Jan Philip Wahle

Research Scientist at the University of Göttingen

I have always wondered what makes us humans intelligent. Coming from first principles, I’ve asked myself: “What makes us special compared to anything else on earth?” Basic materials such as soil, sand, or water can move from one place to another but not in organized ways. Plants can grow in organized ways and even perform complex chemical processes to convert the sun’s energy with carbon and water into storable carbohydrates for survival. That’s pretty impressive. But many animals can do even more than that; they can move in organized ways (robotics), using their muscles to get to places where they can receive even more energy, such as vegetables, fruits, or even other animals. They can even see when fruits and vegetables are ripe (vision) and remember which trees are typically the richest.

A key distinction between humans and animals is not that their robotics is much more advanced or that their vision is superior. A wedge-tailed eagle can see prey from as far as 2km, although its eyes are the same size as those of humans. A key aspect that makes us intelligent is the ability to communicate. Many animals also have complex ways of communication, either through sound or other forms, but their ability is primitive compared to humans. Human’s natural language opens up the dimensions of outer worlds (communicating many complex interactions with others) and inner worlds (reflection and thought). It also allows us to travel back and forth in time and create hypothetical scenarios, a key ability many animals do not possess. That’s why if a zebra got eaten by a lion near the water five days ago, the probability that another one will be eaten there soon is high – the other zebras simply cannot warn it of that previous event.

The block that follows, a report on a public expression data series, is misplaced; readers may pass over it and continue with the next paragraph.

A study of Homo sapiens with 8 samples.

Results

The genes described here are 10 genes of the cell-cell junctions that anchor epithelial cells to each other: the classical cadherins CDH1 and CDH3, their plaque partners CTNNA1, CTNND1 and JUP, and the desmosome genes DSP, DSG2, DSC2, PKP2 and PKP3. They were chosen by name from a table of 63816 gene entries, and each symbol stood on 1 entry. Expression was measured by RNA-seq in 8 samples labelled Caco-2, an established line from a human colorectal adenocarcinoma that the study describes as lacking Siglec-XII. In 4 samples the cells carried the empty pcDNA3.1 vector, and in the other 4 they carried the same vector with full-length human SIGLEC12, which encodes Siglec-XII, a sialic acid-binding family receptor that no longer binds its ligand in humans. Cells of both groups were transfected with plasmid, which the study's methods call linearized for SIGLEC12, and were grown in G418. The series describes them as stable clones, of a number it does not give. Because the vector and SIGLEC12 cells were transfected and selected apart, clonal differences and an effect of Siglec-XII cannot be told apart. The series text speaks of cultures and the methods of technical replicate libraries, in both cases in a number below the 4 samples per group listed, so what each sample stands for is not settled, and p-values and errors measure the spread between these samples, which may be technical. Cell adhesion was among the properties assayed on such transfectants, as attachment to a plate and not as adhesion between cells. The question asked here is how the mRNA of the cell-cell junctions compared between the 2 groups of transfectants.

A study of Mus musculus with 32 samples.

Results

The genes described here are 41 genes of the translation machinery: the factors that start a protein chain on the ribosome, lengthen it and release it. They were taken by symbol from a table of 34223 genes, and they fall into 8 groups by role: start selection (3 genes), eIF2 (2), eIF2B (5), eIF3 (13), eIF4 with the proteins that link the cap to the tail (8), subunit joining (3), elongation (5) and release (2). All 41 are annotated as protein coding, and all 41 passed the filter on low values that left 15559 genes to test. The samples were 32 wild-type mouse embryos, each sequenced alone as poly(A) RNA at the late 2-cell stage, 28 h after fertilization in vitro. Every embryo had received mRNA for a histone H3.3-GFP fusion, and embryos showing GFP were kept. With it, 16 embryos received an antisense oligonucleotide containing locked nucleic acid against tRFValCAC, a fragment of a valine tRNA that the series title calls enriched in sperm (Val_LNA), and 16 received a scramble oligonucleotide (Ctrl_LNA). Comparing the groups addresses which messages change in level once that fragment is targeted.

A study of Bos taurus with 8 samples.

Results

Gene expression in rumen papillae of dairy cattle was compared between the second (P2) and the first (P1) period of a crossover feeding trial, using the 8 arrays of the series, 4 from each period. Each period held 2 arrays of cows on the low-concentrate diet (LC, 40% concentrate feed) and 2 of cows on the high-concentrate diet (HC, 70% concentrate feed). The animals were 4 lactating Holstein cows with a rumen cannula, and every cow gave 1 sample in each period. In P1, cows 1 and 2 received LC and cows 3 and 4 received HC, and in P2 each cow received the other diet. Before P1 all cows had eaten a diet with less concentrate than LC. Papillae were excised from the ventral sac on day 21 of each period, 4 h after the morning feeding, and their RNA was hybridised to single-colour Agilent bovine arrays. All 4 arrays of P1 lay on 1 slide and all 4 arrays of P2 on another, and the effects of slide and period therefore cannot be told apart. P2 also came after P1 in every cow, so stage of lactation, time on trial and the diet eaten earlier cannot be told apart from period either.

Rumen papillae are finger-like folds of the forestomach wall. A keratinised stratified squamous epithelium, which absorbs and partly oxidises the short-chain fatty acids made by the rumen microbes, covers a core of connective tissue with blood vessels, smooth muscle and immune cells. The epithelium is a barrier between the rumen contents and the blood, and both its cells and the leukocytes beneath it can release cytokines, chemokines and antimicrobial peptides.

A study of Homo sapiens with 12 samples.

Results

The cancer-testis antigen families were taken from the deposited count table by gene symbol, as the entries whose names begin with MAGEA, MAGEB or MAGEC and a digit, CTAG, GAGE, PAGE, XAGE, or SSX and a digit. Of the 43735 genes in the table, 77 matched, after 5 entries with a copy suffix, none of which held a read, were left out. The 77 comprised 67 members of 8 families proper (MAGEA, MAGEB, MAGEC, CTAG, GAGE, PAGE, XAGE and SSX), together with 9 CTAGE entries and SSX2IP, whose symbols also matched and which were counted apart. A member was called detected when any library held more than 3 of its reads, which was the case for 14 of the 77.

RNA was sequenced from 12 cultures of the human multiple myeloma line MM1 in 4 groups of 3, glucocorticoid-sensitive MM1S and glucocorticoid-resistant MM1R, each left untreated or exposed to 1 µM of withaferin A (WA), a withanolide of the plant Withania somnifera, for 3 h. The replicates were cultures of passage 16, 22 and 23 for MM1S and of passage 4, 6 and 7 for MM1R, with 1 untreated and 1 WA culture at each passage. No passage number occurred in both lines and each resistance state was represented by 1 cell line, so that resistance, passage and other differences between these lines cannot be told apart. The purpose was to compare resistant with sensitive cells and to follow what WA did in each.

Because I believe language is key to human intelligence, I have dedicated my professional life to understanding it and making computers learn about it to build intelligent systems. Below is a summary of my path so far in that endeavor.

I am currently doing research at the University of Göttingen in Germany with Terry Ruas and Bela Gipp. I have previously worked at the National Research Council in Canada, where I had a great time working with Saif M. Mohammad. My PhD work looks at how natural language processing research is evolving, what we have succeeded at understanding, and what still remains elusive. I also develop technical contributions to understand whether different texts have the same meaning, which is helpful for many applications ranging from language learning to plagiarism detection.

Specifically, I have looked at questions such as:

  1. Which topics is our field working on? Are we working on diverse problems and solutions or concentrating on specific niches?
  2. How are we influencing the broader exchange of ideas? For example, how much are we engaging with other fields, and how much are we drawing from ideas of the past? 
  3. Who are the main actors in our field, and what interests do they have? Who provides funding to our field?
  4. What do we need to teach machines to understand similarities of texts in the same way that humans do?
  5. How do the above change with time, with new policies, or shifts in the focus and interaction of a field?

My research work has numerous applications in NLP tasks like text summarization, media bias, and misinformation detection. In the area of plagiarism detection, I have focused on developing techniques to identify automatically generated content from models like ChatGPT. I am also interested in providing the community with tools to increase the transparency of this new type of partially generated content.

I have published a fair share of research papers in top-tier NLP and AI venues and wrote some blog posts on these topics. I have also given several talks at conferences, universities, and funding agencies. You can follow me on Twitter and LinkedIn to stay up-to-date with my research or check this site every now and then. Who knows? Maybe you will find a gem for yourself that will bring new ideas to your own research.

When I am not working on research, I enjoy outdoor activities like hiking, skiing, and flying FPV drones, as well as playing chess and table tennis and, in general, spending time with the people I love.